Tony Benn is famous for saying that, in his view, there are too many socialist parties in the UK and not enough socialists. Coming at a time when Benn’s enthusiasm for worker ownership is now finally being embraced by leading figures in the Conservative Party – hot on the heels of the Labour government’s nationalisation of the banks – it might also be a good moment for the social enterprise movement to take on board a variation of his thoughts on organisational proliferation.
A danger for the social enterprise movement in the UK seems to be that we end up with too many social enterprise structures and not enough viable social enterprises. The latest suggestion for a new type of company is outlined on the Social Enterprise website by Luke Fletcher of solicitors Bates,Wells and Braithwaite.
“If we want social enterprise to go mainstream, we need to get the message out that businesses are able to trade for a social purpose – and that an asset lock and express limits on dividends are not absolute requirements. To do this, company law should be developed to create a new legal identity for mainstream businesses which trade for a social purpose.”
There’s lots of possible objections to this view.
One is the position that, for the reasons explained in the article, the asset lock and limits on dividends are a barrier to investment – of both cash and sweat equity – in CIC’s Limited-by-Shares but that, rather than create a new form, it would make more sense to adapt the exist CIC structure. While there’s a clear logic to a lock on physical assets that might be given – or sold at a preferential rate – to a CIC based on the fact that it’s trading in the interests of a community, it’s less logical to prevent entrepreneurs or investors from profiting from the increased value of their shares based on the increased value of the company. It’s actively discriminates against entrepreneurs and early-stage investors.
A second objection, from the other end of the social enterprise spectrum is that we don’t ‘want social enterprise to go mainstream’ unless it’s on our own terms. Companies that exist (at least in part) to make a profit for shareholders are not part of the social enterprise family and don’t need to be encouraged by government or the social enterprise movement. This line of thinking can just about tolerate CIC’s Limited-by-Shares with a strong asset lock in place but regards further ‘concessions’ to the practices of mainstream business as a dilution of the social enterprise brand.
A third objection, which is broadly my own position, is that a new ‘social business’ form is a solution in search of a problem. Luke Fletcher explains that: “A curious quirk in the Companies Act 2006 provides a glimpse of how a Social Business form could be created in law… there is an exception to the general rule that a company exists for the benefit of its members or shareholders where the purposes of a company ‘consist of or include purposes other than the benefit of its members’. In the case of a company which has a social purpose in its Articles, the directors are therefore obliged under the 2006 Act to promote the success of the company by advancing its social purpose.”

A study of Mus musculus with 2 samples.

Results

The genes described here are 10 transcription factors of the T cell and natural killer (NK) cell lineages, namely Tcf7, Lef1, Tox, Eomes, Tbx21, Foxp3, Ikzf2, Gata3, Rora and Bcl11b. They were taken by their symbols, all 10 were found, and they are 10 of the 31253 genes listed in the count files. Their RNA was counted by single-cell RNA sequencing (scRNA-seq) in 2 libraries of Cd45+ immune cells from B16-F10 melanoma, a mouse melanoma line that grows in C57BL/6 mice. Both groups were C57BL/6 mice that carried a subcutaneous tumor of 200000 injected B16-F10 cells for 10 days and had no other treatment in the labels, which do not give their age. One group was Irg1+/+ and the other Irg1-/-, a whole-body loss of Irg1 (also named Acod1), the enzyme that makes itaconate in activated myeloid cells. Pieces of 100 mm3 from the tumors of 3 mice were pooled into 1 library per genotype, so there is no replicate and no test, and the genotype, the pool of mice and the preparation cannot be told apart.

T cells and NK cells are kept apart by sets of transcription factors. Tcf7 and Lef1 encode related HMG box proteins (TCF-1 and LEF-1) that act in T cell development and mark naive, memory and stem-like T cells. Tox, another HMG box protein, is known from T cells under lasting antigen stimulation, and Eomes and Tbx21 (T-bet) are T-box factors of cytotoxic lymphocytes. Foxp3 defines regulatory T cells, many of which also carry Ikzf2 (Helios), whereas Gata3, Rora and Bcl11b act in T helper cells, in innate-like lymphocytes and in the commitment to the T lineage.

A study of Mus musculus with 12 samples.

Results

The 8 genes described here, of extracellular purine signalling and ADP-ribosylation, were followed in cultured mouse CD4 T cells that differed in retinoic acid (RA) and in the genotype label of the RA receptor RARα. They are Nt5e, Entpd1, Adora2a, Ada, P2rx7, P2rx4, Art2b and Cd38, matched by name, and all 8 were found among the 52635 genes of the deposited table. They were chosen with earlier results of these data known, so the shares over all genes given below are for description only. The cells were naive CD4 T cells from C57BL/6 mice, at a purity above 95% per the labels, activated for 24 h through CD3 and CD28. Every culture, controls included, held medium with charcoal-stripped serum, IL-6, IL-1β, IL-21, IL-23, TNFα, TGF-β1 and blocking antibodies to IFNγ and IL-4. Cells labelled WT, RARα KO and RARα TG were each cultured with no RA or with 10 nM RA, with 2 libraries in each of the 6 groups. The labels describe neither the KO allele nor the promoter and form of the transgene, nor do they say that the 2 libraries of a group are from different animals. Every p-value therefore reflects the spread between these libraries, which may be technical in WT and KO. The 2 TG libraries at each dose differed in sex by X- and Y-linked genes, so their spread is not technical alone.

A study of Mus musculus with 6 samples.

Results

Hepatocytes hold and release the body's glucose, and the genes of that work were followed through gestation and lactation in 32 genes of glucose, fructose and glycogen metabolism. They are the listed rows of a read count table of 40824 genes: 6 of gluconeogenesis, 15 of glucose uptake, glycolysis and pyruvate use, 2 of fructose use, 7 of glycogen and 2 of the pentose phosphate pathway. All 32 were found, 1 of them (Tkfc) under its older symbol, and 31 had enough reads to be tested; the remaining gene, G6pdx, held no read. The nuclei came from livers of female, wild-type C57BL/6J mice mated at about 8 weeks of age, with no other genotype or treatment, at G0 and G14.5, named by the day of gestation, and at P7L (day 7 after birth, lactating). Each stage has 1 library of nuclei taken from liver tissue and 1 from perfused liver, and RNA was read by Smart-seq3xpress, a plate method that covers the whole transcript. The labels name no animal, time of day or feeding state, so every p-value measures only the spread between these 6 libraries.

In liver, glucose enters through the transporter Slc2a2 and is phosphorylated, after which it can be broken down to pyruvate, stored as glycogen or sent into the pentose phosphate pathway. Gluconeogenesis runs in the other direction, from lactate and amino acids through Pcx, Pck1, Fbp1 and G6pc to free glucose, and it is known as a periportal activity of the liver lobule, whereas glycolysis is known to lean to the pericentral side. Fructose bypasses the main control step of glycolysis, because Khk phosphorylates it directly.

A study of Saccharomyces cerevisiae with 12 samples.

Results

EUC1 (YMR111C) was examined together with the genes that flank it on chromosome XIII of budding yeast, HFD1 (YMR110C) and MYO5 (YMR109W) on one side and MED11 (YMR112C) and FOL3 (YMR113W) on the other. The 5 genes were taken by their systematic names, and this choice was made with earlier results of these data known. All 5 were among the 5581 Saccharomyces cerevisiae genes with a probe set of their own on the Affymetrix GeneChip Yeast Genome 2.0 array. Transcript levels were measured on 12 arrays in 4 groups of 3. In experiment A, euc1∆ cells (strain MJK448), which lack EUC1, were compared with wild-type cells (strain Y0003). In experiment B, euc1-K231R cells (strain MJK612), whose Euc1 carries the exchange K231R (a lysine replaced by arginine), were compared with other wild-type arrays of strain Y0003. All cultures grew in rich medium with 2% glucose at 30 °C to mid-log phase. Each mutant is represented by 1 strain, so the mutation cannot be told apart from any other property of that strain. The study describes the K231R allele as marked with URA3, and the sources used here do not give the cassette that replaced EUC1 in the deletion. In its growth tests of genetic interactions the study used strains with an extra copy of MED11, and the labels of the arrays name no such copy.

He adds that: “Unhelpfully, the 2006 Act does not give any clue about how the social purpose of a company limited by shares is to be reconciled to its ability to return profits to shareholders.”
Fletcher believes that this reconciliation can and should be achieved by the creation of a new legal structure. A more pragmatic option is that shareholders in social businesses can, should and currently do reconcile competing shareholder and commercial interests themselves based on their own judgment. I’m happy to be corrected on this but as far as I know there hasn’t been an instance where the directors of Cafédirect, or a similar ‘for profit’ social businesses have been sued by shareholders for neglecting their interests in favour of pursuing the company’s social purpose.
Fletcher claims: “The new legal status would give mainstream businesses which operate for a social purpose a perfect opportunity to self-identify as a Social Business. It would also enable commissioners, customers and social investors to identify those businesses which are expressly run for social benefit and from which financial and social returns are available.”
I’m slightly baffled as to how this could or should be the function of an organisation’s legal status. A company’s legal status is a good vehicle for setting out what it wants to do but, unless the annual registration fee is going to be very expensive, it’s a very bad vehicle for finding out whether it’s any good at achieving those aims. Companies engaging with (and needed to enthuse and reassure) commissioners need proper kitemarks, awarded by people qualified to judge the impact of their work and/or their competence. Customers and investors need to be convinced of the social value of a business by the people running it – though specific certificiations such as the Fairtrade Mark clearly also have a role in explaining the social impact of products to customers.
There’s lots of evidence that it’s difficult – but certainly not impossible – to generate profit for shareholders while delivering demonstrable social impact. There’s no clear evidence that running businesses for both shareholder profit and demonstrable positive social impact is difficult because we lack the legal structures to do it, or that those who have done it successfully need a new legal form to enable them to communicate what they’ve done and why. If the government is keen – as I am – to see more successful social businesses it should steer clear of new structures (while possibly adapting existing ones) and focus on providing practical support.